Fix-It Wednesdays: How to Repair Drywall
By restoreinteriors on February 08, 2012
BlogHer Original Post
The house we live in was a complete mess when we bought it. It had not been updated since its original build date in 1954. You can imagine the avocado green appliances, linoleum flooring and mint green bathroom tile. We did a lot of cosmetic updating, all that our budget would allow, but we are still in need of some serious renovations.
Several months ago I had just freshly painted my living room walls in a beautiful neutral color. My very first “big girl” furniture came in and the room was coming together nicely. After giving my trim a fresh coat of white paint, I realized that my door stopper had broken. Not a big deal, right? I would just head down to my local home improvement store and grab another one ... no problem.
Hindsight is always 20/20. I should have headed out immediately to replace this but I put it aside for another day. Now, picture this with me ... My 3-year-old had just learned to open our latch front door all by her big girl self. We were coming in from an outing, laughing, having a great time and she runs ahead of me to show us how she can open the door. The fact that my door stopper was not on yet didn’t even cross my mind, until her precious little hands touched the latch.
My smile turned to mouth wide open and I was all of the sudden inserted into one of those slow motion movie scenes where the actor is running, arms open wide and diving for that precious, irreplaceable item that is about to shatter on the floor. “ OOOHHHHH NOOOOOOOO, STOOOOOOOOP, LEEEEEEEEEET MEEEEEE GEEEEEEET THEEEEEEE DOOOOOOOOOR! (okay, I don’t know if that is grammatically correct but those are supposed to be slow motion words.) Unfortunately, my superhero powers did not activate and I was unable to stretch my arms long enough to catch the door. My baby girl threw open the door with great pride, and I mean literally threw open the door ... hard. The result was a door knob right through my freshly painted walls. A deep breath was required to keep from blurting out an expletive and all was fine. After all, it’s just a wall, it can be fixed.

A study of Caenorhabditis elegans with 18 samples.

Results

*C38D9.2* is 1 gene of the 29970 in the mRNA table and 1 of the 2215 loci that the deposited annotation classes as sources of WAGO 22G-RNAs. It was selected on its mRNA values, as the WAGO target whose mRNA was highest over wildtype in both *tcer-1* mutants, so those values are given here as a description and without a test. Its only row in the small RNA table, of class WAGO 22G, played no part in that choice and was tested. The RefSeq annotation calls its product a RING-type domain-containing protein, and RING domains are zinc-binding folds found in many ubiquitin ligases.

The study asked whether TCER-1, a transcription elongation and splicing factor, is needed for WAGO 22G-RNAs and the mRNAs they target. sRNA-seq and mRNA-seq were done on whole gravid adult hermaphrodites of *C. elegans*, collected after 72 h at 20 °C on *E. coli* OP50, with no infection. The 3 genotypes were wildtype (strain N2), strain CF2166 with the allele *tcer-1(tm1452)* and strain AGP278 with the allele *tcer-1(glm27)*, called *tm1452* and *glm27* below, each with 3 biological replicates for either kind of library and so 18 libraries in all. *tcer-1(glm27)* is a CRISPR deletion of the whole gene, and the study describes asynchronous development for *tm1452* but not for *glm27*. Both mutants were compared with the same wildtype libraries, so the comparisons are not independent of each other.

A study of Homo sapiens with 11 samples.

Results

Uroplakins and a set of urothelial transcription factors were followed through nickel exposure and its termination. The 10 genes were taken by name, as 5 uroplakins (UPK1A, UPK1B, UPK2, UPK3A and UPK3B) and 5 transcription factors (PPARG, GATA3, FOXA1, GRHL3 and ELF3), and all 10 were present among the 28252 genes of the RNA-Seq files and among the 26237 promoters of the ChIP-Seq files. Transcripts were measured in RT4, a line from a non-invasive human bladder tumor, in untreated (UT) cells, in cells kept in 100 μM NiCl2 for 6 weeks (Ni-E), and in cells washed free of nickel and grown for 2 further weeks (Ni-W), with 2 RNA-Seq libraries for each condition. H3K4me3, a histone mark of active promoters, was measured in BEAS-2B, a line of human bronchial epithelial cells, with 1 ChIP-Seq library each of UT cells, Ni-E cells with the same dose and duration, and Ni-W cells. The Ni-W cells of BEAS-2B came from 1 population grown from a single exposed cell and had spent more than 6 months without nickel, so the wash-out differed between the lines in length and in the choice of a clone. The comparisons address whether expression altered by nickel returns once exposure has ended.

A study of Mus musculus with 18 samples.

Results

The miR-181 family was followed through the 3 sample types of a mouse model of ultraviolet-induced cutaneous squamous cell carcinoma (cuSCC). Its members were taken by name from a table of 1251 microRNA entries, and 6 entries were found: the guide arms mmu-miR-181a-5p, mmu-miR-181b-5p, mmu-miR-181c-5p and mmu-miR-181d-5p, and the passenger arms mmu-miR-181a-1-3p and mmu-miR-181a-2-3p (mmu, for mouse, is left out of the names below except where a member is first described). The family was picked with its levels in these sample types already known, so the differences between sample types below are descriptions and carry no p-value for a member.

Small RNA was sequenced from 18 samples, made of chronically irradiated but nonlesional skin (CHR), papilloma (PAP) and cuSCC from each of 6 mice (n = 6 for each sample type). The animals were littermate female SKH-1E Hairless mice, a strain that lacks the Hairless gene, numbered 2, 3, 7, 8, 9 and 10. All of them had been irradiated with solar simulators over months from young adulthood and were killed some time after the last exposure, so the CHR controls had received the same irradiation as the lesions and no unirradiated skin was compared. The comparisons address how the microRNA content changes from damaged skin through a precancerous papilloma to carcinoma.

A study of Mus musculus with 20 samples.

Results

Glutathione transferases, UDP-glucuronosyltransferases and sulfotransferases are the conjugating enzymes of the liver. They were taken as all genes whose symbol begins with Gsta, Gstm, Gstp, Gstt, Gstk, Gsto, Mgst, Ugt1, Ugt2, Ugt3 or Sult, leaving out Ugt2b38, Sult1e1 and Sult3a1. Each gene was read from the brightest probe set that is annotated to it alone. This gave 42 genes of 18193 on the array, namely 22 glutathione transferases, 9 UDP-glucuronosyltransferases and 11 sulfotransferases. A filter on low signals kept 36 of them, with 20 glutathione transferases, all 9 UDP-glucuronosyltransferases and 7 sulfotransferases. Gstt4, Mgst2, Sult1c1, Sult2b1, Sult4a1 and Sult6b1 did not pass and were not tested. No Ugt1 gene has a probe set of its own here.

I have been looking at this hole for months. It became one of those things on my ever growing list of home improvement projects that kept getting pushed aside. I finally decided it was time to take care of the problem. I honestly thought it was going to be a lot harder than it was. I was used to filling small nail holes from pictures on the walls but never a hole as big as this. It measured about 2 inches across and there was no support behind the wall. While I was gathering supplies at my local home improvement store, I found a mesh wire, self adhesive patch. The size was 4 inches square and ended up being perfect for my job. This project is super easy and can be done in several hours.
To break it down in several easy steps, here is the 411.
What you will need:
Self-adhesive dry wall repair patch
Fine grit sanding block or paper ( I used 220)
Wet rag for wiping hands and spills ( I’m a messy DIY-ER)
Matching paint for your walls (hopefully you have stored your gallon leftovers from painting your walls)
Step One - Lightly sand the area, removing all of the debris and loose paper around the hole.
Step Two - Remove the backing from the patch and apply the patch like a sticker over the hole. Make sure you cover the entire hole.
Step Three - apply your first coat of spackling using your spackling tool. I applied a big glob and then spread it out. After I spread the spackling I moved the tool from top to bottom to remove excess spackling.
Step Four - Let the first coat dry thoroughly. Depending on the room temperature it should only take about 20 minutes to dry.
Step Five - Sand the area until smooth making sure you feather the outer edges to blend with the wall. You don’t want to see lines when you paint!
Step 6 - Apply another coat of spackling and let it dry.
Step 7 - Sand again until smooth. Use your fingers to feel around the edges making sure they are feathered enough to blend into the wall.
Step 8 - Repeat steps 6 and 7 until you can no longer see the mesh grid.
Step 9 - Paint. Some experts will tell you that you should prime the area well before painting. I did not and my paint did fine. I do however think if you are doing a larger area than just a few inches, primer would be a good idea. It will help your paint to go on more smoothly.
There is nothing like the feeling of accomplishment! This project only cost me a few dollars and saved me a few hundred by not having to call a repair man.
Good Luck! If you have any questions about this, feel free to give me a shout!